Bolivians Turning Forestry Waste Into Biochar For Indigenous Farmers

Andrew Wight Contributor

I'm a journalist covering #GlobalSouthScience, tech and development.

The original link to this article can be found here: https://www.forbes.com/sites/andrewwight/2023/08/30/bolivians-turning-forestry-waste-into-biochar-for-indigenous-farmers/?sh=2768c9fcf301


Bolivian researchers are taking forestry waste that otherwise would have been burnt and turning it into a carbon-dense product useful to farmers.


When biomass (like wood chips) decompose naturally, they emit the potent greenhouse gases CO2 and methane but by creating biochar in a low-oxygen environment, the carbon is locked in a stable form that resists decay, sequestering it for hundreds of years.



José Fernando Grajeda Cruz, Head of R&D at Exomad Green says biochar also has a wide variety of benefits which help mitigate additional emissions.


"For Bolivia the most important it would be the fact that by improving crop yields, it will reduce deforestation due to the fact, that the locals will no need to clear down more forest in order to compensate yield reduction due to soil degradation," he says.


Biochar is also recognized for its ability to retain water and nutrients in the surface soil for long periods benefits agriculture by reducing nutrients leaching from the crop root zone, potentially improving crop yields, and reducing fertilizer requirements.

Grajeda says that by using a facility in Concepción, Bolivia to recycle material that would otherwise be incinerated, this will prevent the release of 60,000 tons of CO2 in 2023, while also minimizing health risks and fire hazards.


"The project promises substantial benefits for the local communities in Concepción and beyond, including improved air quality for over 250,000 individuals and bolstered farm yields through free distributed biochar," he says, "Biochar has the capacity to lock carbon away in the soil for thousands of years.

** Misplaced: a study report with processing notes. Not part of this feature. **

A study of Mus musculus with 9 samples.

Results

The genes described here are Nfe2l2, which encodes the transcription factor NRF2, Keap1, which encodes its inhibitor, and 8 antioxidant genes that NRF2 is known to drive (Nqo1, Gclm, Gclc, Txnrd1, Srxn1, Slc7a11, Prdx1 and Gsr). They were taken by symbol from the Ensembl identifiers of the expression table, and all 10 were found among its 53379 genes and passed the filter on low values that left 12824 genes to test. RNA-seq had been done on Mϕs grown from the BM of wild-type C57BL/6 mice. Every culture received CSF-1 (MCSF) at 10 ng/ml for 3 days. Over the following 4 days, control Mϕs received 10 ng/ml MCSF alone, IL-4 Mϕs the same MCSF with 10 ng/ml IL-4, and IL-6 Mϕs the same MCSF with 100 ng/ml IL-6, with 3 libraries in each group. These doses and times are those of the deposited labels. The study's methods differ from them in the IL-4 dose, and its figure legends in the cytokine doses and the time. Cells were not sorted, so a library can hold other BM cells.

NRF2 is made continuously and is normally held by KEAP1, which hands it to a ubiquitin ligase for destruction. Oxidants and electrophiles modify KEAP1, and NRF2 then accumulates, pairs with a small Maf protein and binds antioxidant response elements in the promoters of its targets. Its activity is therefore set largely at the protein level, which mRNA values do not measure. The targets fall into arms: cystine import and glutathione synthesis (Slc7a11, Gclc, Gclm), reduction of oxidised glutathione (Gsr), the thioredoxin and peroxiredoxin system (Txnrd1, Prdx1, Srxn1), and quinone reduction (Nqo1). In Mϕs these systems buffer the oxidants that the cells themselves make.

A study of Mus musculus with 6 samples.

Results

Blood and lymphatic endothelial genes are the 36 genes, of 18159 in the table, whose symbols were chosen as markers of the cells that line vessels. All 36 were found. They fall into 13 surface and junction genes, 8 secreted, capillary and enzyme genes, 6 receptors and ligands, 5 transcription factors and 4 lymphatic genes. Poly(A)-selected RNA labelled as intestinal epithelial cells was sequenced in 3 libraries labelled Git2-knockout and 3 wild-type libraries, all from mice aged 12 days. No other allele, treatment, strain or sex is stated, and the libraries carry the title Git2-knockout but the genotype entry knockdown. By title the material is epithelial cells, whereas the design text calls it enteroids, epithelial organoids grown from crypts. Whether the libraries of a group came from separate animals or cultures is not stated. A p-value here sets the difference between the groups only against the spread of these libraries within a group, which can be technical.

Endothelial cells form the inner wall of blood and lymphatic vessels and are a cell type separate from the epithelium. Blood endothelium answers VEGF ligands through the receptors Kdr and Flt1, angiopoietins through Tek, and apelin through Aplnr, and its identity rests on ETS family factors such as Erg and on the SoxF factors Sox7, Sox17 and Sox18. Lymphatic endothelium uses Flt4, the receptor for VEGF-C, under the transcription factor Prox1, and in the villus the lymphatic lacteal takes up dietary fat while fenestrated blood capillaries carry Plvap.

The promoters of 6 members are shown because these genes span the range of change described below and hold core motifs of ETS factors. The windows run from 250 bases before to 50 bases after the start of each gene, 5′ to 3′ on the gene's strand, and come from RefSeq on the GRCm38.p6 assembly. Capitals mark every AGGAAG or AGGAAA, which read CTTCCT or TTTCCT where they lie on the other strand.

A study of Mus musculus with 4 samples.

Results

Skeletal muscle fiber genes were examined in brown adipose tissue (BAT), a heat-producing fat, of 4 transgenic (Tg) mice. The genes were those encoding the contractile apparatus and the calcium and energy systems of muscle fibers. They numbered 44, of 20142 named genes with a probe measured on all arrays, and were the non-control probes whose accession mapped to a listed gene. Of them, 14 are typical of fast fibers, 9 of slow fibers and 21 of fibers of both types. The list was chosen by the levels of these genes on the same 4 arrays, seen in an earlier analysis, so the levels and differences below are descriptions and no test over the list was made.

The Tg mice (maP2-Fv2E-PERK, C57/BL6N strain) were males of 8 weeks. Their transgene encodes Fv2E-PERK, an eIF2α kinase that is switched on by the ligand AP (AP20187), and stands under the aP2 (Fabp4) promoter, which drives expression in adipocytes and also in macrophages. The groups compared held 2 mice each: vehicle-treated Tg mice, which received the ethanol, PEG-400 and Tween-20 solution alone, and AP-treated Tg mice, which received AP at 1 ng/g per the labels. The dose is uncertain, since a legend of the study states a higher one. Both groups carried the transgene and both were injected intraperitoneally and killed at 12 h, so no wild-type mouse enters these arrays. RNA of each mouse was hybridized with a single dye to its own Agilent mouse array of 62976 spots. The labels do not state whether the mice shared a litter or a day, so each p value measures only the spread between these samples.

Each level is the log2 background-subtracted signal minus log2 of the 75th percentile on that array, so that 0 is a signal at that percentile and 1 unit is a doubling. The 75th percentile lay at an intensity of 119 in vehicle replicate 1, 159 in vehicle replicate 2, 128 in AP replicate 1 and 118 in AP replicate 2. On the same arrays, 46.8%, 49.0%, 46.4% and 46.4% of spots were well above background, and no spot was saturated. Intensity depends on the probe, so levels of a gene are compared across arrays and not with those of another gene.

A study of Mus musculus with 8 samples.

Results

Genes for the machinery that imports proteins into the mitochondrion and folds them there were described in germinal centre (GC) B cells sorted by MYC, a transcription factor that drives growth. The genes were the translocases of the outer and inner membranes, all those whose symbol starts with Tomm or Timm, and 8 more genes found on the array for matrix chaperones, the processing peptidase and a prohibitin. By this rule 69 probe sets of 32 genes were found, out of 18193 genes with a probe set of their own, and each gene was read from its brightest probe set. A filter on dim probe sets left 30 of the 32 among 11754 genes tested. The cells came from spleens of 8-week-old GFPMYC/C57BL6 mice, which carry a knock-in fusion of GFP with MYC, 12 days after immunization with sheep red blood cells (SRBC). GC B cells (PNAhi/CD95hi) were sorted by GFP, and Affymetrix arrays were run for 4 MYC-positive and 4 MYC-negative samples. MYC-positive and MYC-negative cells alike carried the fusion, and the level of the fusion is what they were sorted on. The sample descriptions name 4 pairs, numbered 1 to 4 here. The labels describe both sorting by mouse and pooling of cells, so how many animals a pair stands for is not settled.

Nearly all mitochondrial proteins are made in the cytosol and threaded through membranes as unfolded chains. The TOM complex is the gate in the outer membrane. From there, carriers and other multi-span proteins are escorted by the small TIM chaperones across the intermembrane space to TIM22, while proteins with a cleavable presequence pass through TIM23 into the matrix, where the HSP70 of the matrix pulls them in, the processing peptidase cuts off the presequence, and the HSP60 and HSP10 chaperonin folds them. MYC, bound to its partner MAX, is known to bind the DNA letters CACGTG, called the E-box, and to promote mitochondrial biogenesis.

Bolivia

Grajeda grew up in the Bolivian city of Santa Cruz de la Sierra.

"I've always been passionate about the land; the freedom and opportunities it offers inspired me to pursue this path," he says, adding that his professional journey started with studying environmental engineering at Universidad Gabriel Rene Moreno in Santa Cruz de la Sierra, Bolivia, before going on to analyzing samples of soil, water, and air first in the university's laboratory and later at the Center for Tropical Agriculture Investigation.

Now Grajeda is the head of a laboratory that oversees the quality tests of the biochar and researching the optimal methods for applying biochar to the ground.

"The biochar we produce is provided for free to local indigenous communities, and my role involves developing guidelines to ensure it’s applied effectively for diverse applications on Bolivian soil," he says, "I am travelling to the communities and teaching them how to inoculate it and apply it to the ground."

Grajeda says that scientists from the Global South bring a unique, ground-level perspective to the challenges facing their communities, whether it's climate change, land degradation, or food security.

"My deep-rooted connection to Bolivian lands and communities allows me to understand and develop solutions that are both locally adapted and globally relevant," he says.


Carbon Savings From the Land

Stephanie Roe, an environmental Researcher at the University of Virginia and the lead author of a paper published in Nature Climate Change, researchers said new approaches in agriculture, forestry, wetlands and bioenergy could feasibly contribute about a third of the Paris Accord mitigation target by 2050– equivalent to 15 billion tonnes of carbon dioxide equivalent (GtCO2e) per year.

The paper outlined that the planting of trees on agricultural land could not only provide shade but other benefits as well, including the potential to sequester a total of four GtCO2 by 2030, about equivalent to one year all of the emissions from the European Union.


According to Roe and her colleagues, there are concrete steps that policy makers can take, particularly those in the tropical, developing nations of Asia, Africa and Latin America, for example, one of the biggest opportunities is in improving practices in forest management and agro-forestry schemes.

“We need to dispel the idea that agricultural productivity and sustainability are mutually exclusive — they can actually work hand-in-hand,” Roe said.